A formal fallacy exists because of an error in the structure of the argument. In other words, the conclusion doesn’t follow from the premises. All formal fallacies are specific types of non sequiturs, or arguments in which the conclusions do not follow from the premises. Formal fallacies are identified by critically examining the structure of the argument exclusive of the individual statements. As you read through the following types of formal fallacies and examples, this definition will become more clear.
Bad Reasons Fallacy (Argumentum ad Logicam)
In this fallacy, the conclusion is assumed to be bad because the arguments are bad. In practice, a premise of the argument is bad and therefore the conclusion is bad or invalid. This fallacy is seen often in debate or argumentation. We summarize the fallacy as: He gave bad reasons for his argument; therefore, his argument is bad. Consider the following claim:
The new employee is too quiet and has no sense of style. We should fire him.
The problem here should be obvious. To be a good employee does not require a certain look or the ability to put together interesting outfits. (Just look around your campus or workplace and you’ll probably see how true this is.) As such, the reasons for concluding the new faculty member should be fired are bad. We commit a fallacy if the conclusion to fire him is also bad or wrong. While the given reasons don’t necessarily support the conclusion, there may be others that do.
Bad reasoning as well as good reasoning is possible; and this fact is the foundation of the practical side of logic. ~ Charles Sanders Peirce
Masked Man Fallacy (Intentional Fallacy)
The masked man fallacy involves a substitution of parties. If the two things we substitute are identical, then the argument is valid:
Rosamond Smith wrote the book Nemesis.
Rosamond Smith is an alias for Joyce Carol Oates.
Joyce Carol Oates wrote the book Nemesis.
This argument is valid because Rosamond Smith is in fact an alias for Joyce Carol Oates, so there is no flaw in the structure of the argument.
Consider the following example:
Chris told police that a red-haired woman stole her car. Ginny is a red-haired woman. Therefore, Chris told police that Ginny stole her car.
The fallacy in this example occurs between the second premise and the conclusion. Looking at each premise individually, we can see that each is true. However, simply because each premise is true doesn’t mean the conclusion is necessarily true. Even if Ginny did steal Chris’s car, this fact doesn’t make the conclusion true. The existence of this fact cannot be presumed to change what Chris told the police.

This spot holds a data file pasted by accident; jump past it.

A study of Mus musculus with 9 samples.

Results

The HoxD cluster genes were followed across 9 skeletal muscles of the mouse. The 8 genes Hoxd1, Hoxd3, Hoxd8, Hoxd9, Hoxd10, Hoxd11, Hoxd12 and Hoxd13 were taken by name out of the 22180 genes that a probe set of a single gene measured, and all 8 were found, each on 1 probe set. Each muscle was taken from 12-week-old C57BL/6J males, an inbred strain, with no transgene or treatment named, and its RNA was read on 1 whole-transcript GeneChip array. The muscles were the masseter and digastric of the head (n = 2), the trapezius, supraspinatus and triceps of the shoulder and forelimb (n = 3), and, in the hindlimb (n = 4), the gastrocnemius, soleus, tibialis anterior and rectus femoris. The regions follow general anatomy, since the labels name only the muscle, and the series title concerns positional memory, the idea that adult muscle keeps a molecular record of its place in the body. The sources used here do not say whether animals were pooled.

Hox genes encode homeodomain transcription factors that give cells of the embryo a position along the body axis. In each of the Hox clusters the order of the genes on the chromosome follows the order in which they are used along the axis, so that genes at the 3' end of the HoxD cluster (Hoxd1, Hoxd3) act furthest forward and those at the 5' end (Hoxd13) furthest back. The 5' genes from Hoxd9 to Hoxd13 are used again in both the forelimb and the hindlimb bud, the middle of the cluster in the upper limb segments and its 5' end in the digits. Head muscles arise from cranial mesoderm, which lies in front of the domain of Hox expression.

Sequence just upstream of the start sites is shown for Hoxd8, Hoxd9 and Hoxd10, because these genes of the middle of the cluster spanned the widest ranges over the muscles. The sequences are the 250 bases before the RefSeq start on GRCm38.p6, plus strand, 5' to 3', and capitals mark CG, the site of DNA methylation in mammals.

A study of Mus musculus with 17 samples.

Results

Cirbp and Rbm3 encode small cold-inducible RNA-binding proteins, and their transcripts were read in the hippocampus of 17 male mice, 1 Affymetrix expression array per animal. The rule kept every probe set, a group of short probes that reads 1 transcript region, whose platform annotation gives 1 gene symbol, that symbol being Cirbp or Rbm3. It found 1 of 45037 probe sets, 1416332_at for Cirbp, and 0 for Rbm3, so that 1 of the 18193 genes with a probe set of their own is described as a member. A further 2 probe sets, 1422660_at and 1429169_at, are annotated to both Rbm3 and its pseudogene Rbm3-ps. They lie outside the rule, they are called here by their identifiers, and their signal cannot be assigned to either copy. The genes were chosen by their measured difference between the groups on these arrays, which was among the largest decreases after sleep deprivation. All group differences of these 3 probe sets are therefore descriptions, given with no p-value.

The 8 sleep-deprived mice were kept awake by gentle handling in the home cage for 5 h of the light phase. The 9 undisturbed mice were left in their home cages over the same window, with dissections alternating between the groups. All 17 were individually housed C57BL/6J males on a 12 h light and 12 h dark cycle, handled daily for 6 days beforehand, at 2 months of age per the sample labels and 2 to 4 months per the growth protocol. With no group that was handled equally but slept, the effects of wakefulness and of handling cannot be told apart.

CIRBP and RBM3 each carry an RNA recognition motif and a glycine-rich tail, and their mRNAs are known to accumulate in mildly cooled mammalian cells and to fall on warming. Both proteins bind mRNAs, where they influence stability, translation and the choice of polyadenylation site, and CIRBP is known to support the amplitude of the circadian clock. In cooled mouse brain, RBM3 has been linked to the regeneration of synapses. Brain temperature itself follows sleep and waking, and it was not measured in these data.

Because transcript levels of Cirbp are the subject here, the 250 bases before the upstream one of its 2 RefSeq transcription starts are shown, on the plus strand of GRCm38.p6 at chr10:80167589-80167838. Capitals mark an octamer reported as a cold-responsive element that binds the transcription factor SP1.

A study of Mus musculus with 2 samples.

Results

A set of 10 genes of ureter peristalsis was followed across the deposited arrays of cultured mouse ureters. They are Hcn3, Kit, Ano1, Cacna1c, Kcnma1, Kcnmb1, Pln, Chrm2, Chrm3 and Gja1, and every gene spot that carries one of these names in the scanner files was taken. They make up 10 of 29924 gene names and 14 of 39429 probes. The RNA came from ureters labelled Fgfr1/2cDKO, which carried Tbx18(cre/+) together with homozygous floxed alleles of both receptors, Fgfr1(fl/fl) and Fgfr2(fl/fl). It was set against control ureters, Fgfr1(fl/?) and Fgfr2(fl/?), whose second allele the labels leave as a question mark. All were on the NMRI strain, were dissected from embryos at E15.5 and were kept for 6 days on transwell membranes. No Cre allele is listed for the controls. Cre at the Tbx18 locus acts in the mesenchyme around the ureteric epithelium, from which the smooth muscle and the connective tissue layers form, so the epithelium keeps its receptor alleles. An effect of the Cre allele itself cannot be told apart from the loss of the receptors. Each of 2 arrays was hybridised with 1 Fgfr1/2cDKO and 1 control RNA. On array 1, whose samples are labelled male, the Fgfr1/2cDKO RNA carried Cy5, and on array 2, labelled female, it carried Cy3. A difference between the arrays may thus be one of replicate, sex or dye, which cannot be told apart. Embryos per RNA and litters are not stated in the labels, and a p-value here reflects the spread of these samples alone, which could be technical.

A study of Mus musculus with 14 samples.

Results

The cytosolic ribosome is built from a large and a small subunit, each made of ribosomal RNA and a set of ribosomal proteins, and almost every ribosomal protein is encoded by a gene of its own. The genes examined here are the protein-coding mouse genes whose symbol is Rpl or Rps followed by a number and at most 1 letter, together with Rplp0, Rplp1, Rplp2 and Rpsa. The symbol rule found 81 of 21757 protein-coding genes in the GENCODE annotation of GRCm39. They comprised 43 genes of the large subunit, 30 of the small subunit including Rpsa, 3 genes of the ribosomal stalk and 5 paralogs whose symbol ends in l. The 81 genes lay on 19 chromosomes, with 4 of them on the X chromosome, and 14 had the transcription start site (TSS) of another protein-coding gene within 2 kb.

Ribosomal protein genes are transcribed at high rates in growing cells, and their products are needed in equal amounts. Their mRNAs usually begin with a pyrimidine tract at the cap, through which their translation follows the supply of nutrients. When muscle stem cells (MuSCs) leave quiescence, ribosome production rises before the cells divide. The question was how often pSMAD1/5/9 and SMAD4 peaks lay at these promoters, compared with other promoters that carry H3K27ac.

Fallacy of Quantitative Logic
Fallacies of quantitative logic revolve around the grammatical structure of the proposition. The focus is on the use of some sort of quantifying word such as “all” or “some.” Consider this example:
All philosophers are wise.
We can show the flaw in this statement by simply finding a counter-example. And since the fact of being wise is abstract, how do we truly know if one is wise or not? Consider how the statement changes with the use of a different quantifier:
Some philosophers are wise.
This statement is stronger because it allows for the possibility there are counter-examples. However, the error arises from the fact that it is not a known quantity. We must infer from the statement that some philosophers are not wise.
Let’s look at another example:
All conservatives are Republicans.
Therefore, all Republicans are conservatives.
Without thinking too hard you can probably think of one counter-example. Let’s try one more:
Some doctors are not MDs. Therefore, some MDs are not doctors.
While the first premise is true (there are other types of doctors), the second is clearly not true.